SpaceX selects 124 engineering...
Competing teams will present their pod designs to a panel made up of judges from SpaceX, Tesla and Texas A&M
Competing teams will present their pod designs to a panel made up of judges from SpaceX, Tesla and Texas A&M
Competing teams will present their pod designs to a panel made up of judges from SpaceX, Tesla and Texas A&M
Shortlisted teams will move on to building functional prototypesof their Hyperloop passenger capsules for the final phase of the competition

SpaceX itself might not be building Elon Musk's Hyperloop, but it is making every effort to push things along. Earlier this year it announced the construction of a 1-mile (1.6-km) test track and it has now invited over 120 engineering teams to show off design concepts for a Hyperloop pod to a panel of judges in January. The most promising will then put their human-scale prototypes through their paces at SpaceX HQ the following US summer.

SpaceX announced its Hyperloop Pod Competition in June, encouraging engineering teams to develop their own designs for passenger capsules that could be shuttled through the system's frictionless tubes at up to 760 mph (1,223 km/h). Since then it has received more than 1,200 submissions, but has now whittled that number down to 124 entrants who will present their concepts at the SpaceX Hyperloop Pod Competition Design Weekend at Texas A&M University on January 29 and 30.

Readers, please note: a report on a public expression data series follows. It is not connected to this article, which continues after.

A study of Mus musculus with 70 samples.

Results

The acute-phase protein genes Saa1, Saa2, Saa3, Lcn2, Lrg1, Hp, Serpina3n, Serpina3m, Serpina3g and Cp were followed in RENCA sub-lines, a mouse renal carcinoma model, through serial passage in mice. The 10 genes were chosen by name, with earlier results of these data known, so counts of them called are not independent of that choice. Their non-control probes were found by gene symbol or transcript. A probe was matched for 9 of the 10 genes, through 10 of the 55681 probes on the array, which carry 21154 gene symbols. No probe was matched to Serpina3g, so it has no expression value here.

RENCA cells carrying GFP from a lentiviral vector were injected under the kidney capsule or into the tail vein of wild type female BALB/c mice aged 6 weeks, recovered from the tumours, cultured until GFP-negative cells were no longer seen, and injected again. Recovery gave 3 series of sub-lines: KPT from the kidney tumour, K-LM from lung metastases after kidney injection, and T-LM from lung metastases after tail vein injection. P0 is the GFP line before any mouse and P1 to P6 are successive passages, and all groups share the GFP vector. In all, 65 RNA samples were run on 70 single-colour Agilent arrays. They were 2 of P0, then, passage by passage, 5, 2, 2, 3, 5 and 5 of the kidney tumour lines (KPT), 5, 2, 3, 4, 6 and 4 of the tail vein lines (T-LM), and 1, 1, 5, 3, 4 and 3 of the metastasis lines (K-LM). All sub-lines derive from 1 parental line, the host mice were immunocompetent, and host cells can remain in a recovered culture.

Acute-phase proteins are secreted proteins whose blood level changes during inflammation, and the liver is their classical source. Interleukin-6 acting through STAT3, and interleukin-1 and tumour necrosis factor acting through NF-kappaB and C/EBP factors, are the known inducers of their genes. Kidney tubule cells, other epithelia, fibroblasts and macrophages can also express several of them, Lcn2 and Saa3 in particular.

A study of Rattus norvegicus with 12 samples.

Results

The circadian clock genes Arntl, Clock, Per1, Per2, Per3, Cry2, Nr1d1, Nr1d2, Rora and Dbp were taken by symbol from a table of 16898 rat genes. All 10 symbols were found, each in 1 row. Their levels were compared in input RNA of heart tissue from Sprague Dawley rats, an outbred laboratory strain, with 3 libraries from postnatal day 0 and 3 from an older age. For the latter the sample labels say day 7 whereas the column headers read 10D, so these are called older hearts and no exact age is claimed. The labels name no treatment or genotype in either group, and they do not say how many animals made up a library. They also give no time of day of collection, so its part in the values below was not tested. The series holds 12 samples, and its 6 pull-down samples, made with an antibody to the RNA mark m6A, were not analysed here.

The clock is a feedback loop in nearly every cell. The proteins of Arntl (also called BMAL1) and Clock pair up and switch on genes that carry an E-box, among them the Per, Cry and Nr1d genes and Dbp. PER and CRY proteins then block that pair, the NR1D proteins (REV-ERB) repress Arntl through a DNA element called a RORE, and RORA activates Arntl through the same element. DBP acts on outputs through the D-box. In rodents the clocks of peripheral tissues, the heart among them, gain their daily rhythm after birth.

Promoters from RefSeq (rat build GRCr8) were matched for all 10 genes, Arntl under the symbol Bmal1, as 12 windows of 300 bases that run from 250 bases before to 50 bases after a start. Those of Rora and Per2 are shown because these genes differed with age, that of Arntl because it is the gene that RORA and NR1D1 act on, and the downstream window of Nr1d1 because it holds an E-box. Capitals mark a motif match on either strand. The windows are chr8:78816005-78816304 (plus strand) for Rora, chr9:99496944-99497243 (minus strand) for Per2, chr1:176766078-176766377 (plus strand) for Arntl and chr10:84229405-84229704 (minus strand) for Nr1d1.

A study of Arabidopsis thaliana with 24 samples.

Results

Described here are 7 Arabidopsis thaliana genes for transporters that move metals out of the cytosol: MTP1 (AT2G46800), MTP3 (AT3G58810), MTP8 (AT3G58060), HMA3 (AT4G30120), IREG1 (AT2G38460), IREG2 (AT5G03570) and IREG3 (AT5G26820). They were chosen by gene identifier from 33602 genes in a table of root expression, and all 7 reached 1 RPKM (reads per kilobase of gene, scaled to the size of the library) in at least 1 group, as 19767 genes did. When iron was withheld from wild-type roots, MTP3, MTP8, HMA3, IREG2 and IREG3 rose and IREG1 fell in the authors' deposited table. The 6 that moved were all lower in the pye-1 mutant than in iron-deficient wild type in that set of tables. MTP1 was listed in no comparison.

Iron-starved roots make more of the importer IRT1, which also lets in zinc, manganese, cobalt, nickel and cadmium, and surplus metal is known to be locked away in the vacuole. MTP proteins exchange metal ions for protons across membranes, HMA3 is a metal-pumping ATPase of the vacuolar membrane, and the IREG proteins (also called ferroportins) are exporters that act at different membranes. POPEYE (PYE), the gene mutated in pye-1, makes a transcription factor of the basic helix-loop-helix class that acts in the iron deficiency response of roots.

Universities from all over the world will be represented, including teams from India's Vellore Institute of Technology and Uzbekistan's Turin Polytechnic University in Tashkent, along with names already well established in engineering circles like Stanford University and MIT. The full list can be viewed here.

The teams will present their designs to a panel made up of judges from SpaceX, Tesla and Texas A&M. From there, a number will be shortlisted and move on to building functional prototypes for the final phase of the competition. This will take place in the coming US summer at SpaceX's Hyperloop test track adjacent to its California headquarters.

Two unrelated companies are in the process of building their own Hyperloop test tracks, with the view to making the futuristic transport system more than a pipe dream. Hyperloop Transportation Technologies is constructing a 5-mile (8-km) track in Quay Valley, a proposed self-sustaining model town in California's Central Valley. The similarly named Hyperloop Technologies plans to begin open air-testing on its own track next month.

Source: Texas A&M University

4 comments
Old_Rider
yup, easy way to get your design made cheaply, have college engineer students do it for you for a prize money, instead of paying a team of experienced engineers to do it for you.
sowhat
@Old_Rider - the students are probably ecstatic to work on it. I know I would be. And if they are selected, that would be one heck of an item to put on a resume (or even be hired by that company). I tell you what....why don't you start your own business and only pay absolute top dollar for everything?
Stephen N Russell
Bring in ET3.com into project as well. Make designs public after judges choices, then let online public choose. Make scale models & mockups for trade shows alone IE LA Auto Show Old Sacramento RR Museum, Sacramento CA
Biggles
Good for you SpaceX ! I read this article with great delight and hope for the future of the project ( whether it succeeds or not). Good luck also to all the 124 teams across the world taking part in this big effort advance in science. Thanks to sowhat for his comment on the principal of this world wide competition . The world would still be in 1915 if there were not open competitions for science such as in 1714 for England's first maritime chronometer.